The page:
I have a question for you: whenever you listen to a song, what is the first thing that strikes you about the song? Is it the lyrics, or the tune of the song?

If this seems like an odd question to ask and the obvious answer should have been "both!", please allow me to explain by giving you my answer to the above question.

The first thing that strikes me about a song is its tune, or melody. Lyrics are secondary to my ears.
I never really gave much thought to this at first, until I realise that I could listen to a foreign song which is in a language I do not understand (Korean, Japanese, French for example) and find something beautiful about it in spite of my incomprehension to the meaning of the lyrics. If this proves anything is that the foreign singer could be singing something as unexpected or unrelated (like his pet crocodile or sumfink) to what the tune seemed to be expressing and I would not have known it, and still enjoyed the song for its melody and nothing more.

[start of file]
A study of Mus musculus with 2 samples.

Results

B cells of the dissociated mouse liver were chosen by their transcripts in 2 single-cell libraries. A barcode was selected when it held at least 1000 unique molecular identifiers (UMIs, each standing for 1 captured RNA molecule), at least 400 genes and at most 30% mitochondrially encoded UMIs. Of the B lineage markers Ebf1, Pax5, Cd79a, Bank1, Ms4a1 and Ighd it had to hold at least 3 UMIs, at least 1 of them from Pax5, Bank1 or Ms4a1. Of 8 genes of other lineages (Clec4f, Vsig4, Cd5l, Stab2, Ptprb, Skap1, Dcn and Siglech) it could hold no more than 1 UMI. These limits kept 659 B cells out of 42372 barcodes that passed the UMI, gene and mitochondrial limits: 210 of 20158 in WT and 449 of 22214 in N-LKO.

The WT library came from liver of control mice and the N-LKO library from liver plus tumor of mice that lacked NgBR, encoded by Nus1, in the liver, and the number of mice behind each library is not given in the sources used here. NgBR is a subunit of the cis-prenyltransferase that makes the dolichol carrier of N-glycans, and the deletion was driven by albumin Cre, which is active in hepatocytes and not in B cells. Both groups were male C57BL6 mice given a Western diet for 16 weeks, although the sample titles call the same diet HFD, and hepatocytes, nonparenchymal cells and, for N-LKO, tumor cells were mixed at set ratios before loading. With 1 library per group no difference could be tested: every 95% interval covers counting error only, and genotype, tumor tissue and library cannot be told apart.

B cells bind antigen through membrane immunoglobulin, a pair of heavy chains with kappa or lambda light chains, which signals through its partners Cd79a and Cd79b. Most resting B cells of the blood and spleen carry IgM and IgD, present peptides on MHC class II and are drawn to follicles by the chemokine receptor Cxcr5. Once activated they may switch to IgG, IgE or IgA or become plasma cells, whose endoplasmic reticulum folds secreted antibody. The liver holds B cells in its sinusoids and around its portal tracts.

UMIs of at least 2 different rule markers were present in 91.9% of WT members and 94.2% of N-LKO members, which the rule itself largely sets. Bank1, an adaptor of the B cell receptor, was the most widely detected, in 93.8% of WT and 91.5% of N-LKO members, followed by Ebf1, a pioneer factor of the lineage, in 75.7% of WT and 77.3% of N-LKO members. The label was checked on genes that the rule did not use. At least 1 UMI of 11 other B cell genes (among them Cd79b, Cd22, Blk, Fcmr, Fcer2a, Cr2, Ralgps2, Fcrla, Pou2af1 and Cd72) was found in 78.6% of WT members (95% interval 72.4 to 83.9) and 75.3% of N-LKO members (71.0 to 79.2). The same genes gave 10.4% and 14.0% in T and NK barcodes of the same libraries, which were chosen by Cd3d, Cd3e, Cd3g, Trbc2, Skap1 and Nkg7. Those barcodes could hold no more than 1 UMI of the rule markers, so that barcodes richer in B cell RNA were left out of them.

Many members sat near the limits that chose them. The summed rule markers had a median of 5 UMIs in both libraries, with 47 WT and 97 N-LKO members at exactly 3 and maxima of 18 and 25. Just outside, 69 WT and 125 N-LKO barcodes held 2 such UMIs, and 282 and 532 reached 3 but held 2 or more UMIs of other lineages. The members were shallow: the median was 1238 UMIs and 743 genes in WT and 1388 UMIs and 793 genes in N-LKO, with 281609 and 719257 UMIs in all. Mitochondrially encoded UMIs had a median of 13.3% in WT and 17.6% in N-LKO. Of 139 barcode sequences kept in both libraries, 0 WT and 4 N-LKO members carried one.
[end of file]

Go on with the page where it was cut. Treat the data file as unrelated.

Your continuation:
In saying this, what if its an English or Malay/Indonesian song? Would I be influenced by the lyrical content of the song if the tune was something very beautiful to me since I actually understand these languages? I think the answer is, no I would not be affected by the lyrical content either. Truth be told, some songwriters are better than others, and some music makers are better than others too. If the best of both come together to work on a song, you can bet the result would be a chart-topping hit. However, there are those that are not as good but somehow a song or two gets produced anyhow (and the results are somewhat mediocre or lacking).
But that's besides the point.

For me, it'd be great if the song had wonderful lyric composition as well as a great tune to it. However, if the lyrics are mediocre at best, but the tune was hands-down awesome, it'd still be a great song to me. Therefore, in my own opinion of music, what lays the foundation to a great song is not the lyrics but its melody. The song can be ruined by disastrous words for lyrics fosho, but of course it'll take some grand disaster of a songwriter to destroy a strong foundation of a song which is its grand melody and tune. Hurt both and you get a really, really bad song -- totally not worth listening to.